There has been a lot of discussion lately about the recent “Restraining Gun Laws” being considered in a number of states, including New York, Pennsylvania, New Jersey, Delaware, Virginia, Wisconsin, Illinois, Missouri, Minnesota, Michigan, California, and perhaps Massachusetts. California’s law went into effect on January 1st of this year.
The strong support of the law comes after a study by Jeffrey Swanson, a psychiatry professor at Duke University’s School of Medicine and nine other researchers conducted a study that showed in one state, Connecticut, gun removals from high-risk people may have prevented up to 100 suicides. You can read the full article written about this study and the latest updates on this new initiative in The Trace, “Laws That Allow for Temporarily Removing Guns from High-Risk People Linked to a Reduction in Suicides.”
“The Connecticut law allows police to confiscate guns for up to one year if a judge issues a “risk warrant” — a civil court action that does not create a criminal record — based on a law enforcement affidavit showing probable cause that someone will harm himself or others. Judges must consider recent threats, or acts of violence, and may weigh other factors, like drug and alcohol abuse. Persons subject to these gun violence prevention orders are also prohibited from further possessing firearms.
A lot of times the people who have their weapons seized are not having a bad life — they’re having a bad moment,” a former Connecticut prosecutor quoted in the study said.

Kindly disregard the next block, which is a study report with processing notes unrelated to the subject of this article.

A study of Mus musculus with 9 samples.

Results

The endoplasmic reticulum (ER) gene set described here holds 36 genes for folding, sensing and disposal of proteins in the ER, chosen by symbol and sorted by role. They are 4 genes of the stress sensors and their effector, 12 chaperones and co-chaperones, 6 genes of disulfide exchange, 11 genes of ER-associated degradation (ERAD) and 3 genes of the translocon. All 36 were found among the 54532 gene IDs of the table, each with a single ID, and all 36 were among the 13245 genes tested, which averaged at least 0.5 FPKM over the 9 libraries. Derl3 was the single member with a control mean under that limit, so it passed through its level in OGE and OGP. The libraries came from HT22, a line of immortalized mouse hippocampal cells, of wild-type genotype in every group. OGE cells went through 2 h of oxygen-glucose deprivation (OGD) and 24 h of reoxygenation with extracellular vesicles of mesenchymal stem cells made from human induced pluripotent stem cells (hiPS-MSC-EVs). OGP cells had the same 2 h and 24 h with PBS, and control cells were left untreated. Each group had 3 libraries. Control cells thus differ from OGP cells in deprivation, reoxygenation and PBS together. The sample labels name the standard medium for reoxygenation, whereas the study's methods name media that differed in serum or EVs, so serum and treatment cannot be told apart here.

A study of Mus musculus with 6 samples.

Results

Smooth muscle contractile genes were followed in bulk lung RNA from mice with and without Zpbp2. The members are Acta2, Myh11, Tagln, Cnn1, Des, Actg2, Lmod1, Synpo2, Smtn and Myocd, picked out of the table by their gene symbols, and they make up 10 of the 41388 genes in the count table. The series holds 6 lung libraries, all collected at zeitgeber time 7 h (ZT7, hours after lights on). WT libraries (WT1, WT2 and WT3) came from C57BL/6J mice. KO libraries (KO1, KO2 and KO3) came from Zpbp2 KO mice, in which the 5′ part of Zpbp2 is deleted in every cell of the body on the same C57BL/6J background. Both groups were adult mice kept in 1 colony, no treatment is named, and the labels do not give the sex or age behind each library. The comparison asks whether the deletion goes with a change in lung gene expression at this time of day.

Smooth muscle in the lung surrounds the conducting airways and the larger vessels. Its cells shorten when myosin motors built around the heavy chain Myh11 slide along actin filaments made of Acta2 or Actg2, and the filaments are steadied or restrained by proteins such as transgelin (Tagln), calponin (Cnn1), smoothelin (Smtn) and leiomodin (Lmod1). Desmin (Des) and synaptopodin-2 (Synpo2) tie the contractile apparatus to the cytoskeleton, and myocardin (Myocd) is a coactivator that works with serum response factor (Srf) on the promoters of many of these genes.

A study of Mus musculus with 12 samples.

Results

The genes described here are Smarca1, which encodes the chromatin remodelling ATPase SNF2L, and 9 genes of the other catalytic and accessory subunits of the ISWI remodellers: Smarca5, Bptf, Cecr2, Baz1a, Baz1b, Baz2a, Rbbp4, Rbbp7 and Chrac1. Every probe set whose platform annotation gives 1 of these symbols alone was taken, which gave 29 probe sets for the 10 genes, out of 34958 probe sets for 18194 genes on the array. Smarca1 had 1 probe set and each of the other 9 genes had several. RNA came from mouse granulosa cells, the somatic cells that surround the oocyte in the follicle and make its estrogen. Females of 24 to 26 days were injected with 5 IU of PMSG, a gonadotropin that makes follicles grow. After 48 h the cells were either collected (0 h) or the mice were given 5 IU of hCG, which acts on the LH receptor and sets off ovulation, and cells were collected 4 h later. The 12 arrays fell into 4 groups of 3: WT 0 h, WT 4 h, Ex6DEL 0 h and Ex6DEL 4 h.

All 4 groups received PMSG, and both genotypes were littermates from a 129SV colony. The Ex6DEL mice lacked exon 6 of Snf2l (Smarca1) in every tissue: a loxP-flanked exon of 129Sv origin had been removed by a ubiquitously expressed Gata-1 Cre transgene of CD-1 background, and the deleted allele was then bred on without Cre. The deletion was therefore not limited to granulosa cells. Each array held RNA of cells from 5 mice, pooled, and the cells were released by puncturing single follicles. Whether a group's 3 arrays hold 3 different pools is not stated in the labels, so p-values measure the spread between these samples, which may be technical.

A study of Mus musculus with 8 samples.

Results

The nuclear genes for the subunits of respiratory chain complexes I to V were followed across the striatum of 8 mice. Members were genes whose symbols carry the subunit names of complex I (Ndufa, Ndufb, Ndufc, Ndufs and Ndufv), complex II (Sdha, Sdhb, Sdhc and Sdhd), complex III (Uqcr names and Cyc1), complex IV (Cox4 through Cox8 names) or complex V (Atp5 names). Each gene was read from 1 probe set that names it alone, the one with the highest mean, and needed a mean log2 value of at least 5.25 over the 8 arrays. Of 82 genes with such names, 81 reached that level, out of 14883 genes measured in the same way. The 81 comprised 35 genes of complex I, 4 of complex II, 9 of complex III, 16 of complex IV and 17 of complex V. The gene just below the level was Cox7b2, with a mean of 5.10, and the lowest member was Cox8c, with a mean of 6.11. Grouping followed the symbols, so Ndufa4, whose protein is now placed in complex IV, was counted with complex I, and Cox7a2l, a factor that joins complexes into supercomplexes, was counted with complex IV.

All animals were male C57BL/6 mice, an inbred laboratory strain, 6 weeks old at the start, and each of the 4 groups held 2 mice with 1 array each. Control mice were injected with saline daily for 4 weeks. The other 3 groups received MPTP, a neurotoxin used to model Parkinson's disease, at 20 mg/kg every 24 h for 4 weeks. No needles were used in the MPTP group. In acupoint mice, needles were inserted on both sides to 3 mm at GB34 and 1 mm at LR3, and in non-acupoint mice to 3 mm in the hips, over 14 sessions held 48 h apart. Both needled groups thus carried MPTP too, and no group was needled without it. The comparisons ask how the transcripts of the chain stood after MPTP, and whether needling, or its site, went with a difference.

Another benefit of the Connecticut law, the study found, was that in 44 percent of cases, the request for a warrant resulted in the subject receiving psychiatric treatment they might otherwise not have received.
In Connecticut, police officers told researchers that the law initially floundered because it was unknown to residents and was too labor intensive for cops; in small departments, the requirement that two on-duty officers appear before a judge could pose major logistical challenges.”
Based on the initial discussions, is this another law that will take the country by storm and many states will follow suit and adopt such a law? Only time will tell but it’s important to be aware of these kind of discussions and initiatives being introduced.
One of the other areas to be considered is whether this is another law that will be passed but not implemented because of the amount of manpower it takes to enforce it. Another question is whether this is potentially a law that gives the legal system too much power in making decisions on who can and should own firearms. If a judge decides someone shouldn’t possess a firearm, they can issue a restraining order to confiscate the firearms…and potentially denying the gun owner the ability to own firearms in the future.
Overall, the law has the potential for sweeping powers to the judicial system while at the same time allowing for the safety of others if someone is truly on the edge of a mental illness condition. If it can help save lives while not violating individuals’ rights to own firearms, it can be a positive for many people. Time will tell when the law is implemented and enforced and given time to see if it has the same impact the Duke researchers found in their study. Regardless of the outcome, always remember…Be Prepared. Be Smart. Be Safe.